Detalle Publicación

Population pharmacokinetics of sublingually administered tacrolimus in infants and young children with liver transplantation

Autores: Riva, N. (Autor de correspondencia); Ibarra, M.; Parra Guillén, Zinnia Patricia; Galván, M. E.; Pérez, E.; Renatti, G. T.; Cáceres-Guido, P.; López, C.; Licciardone, N.; Halac, E.; Dip, M.; Cruz, A.; Imventarza, O.; Buamscha, D.; Fernández de Trocóniz Fernández, José Ignacio; Schaiquevich, P.
Título de la revista: BRITISH JOURNAL OF CLINICAL PHARMACOLOGY
ISSN: 0306-5251
Volumen: 89
Número: 3
Páginas: 1115 - 1126
Fecha de publicación: 2023
Resumen:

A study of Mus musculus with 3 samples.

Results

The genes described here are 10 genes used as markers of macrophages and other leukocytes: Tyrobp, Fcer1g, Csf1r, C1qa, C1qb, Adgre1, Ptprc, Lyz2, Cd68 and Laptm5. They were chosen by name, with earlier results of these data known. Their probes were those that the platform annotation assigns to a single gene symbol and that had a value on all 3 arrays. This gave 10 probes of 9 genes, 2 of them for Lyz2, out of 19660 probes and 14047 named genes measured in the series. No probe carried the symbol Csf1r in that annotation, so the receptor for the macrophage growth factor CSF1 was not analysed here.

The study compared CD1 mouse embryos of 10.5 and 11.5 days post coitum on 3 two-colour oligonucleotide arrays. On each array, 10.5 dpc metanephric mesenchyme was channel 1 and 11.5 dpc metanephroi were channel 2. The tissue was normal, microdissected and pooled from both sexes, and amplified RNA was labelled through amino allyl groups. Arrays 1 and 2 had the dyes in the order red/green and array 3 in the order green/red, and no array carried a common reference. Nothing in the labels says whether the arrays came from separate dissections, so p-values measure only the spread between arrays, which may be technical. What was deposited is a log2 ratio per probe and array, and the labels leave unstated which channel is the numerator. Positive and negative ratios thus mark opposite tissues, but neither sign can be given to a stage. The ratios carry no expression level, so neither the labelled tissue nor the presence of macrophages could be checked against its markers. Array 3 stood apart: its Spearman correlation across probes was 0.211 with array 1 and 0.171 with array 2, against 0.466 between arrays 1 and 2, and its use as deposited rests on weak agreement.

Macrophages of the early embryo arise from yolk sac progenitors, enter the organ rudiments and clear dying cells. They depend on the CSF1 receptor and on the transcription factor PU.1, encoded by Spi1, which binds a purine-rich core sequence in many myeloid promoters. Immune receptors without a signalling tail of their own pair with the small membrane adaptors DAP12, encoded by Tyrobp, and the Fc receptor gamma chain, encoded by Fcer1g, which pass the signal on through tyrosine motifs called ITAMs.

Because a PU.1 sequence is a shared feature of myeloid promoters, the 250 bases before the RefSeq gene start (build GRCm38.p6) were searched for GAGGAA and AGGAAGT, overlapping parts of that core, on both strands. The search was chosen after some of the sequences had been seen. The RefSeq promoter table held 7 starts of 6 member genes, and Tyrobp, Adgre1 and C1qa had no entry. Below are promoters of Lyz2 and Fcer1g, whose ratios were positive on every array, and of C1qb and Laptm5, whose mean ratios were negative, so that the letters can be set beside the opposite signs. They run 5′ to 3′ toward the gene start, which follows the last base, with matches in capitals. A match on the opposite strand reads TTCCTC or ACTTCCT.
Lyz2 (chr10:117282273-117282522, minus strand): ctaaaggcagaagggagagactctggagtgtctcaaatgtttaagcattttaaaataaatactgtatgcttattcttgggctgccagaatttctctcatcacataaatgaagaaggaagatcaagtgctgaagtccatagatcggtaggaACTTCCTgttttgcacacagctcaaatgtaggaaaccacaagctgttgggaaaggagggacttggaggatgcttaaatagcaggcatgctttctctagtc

Aims Pharmacokinetics of tacrolimus after sublingual administration is not characterized in paediatric liver transplant patients. Therefore, we aimed to develop a population pharmacokinetic model of sublingually administered tacrolimus in patients who cannot swallow the capsules due to their age, sedation status and/or mechanical ventilation during the first weeks post-transplantation. Methods Demographic, clinical and pharmacological variables, including tacrolimus whole blood concentrations obtained from therapeutic drug monitoring and data from dense-sampling pharmacokinetic profiles, were recorded in 26 paediatric patients with biliary atresia who underwent liver transplantation between 2016 and 2021. Population pharmacokinetic analysis was performed with NONMEM v7.4. Results Disposition of tacrolimus was best characterized by a 2-compartment model with clearance achieving half of the maximum elimination capacity (CLMAX = 4.1 L/h) at 4.6 days post-transplantation (T-50). Compared to sedated patients, nonsedated status showed an increased first-order absorption rate constant (1.1 vs. 0.1 h(-1)) and a 24% reduction in bioavailability (F-NS) at 14 days post-transplant. The model was able to explain the oral absorption pattern in nonsedated patients as the result of gut bioavailability (0.9) and hepatic extraction ratio, with the latter being responsible for first-pass effects. Estimates of interindividual variability remained moderate (25.9% for the gut bioavailability) to high (79.8% for the apparent volume of distribution of the central compartment, and 101% for T-50). Conclusion A population pharmacokinetic model of sublingually administered tacrolimus in paediatric patients was developed to characterize different absorption mechanisms. Once the model is externally validated, the effect of post-transplant time on clearance and the sedation status may be considered in routine dosing management.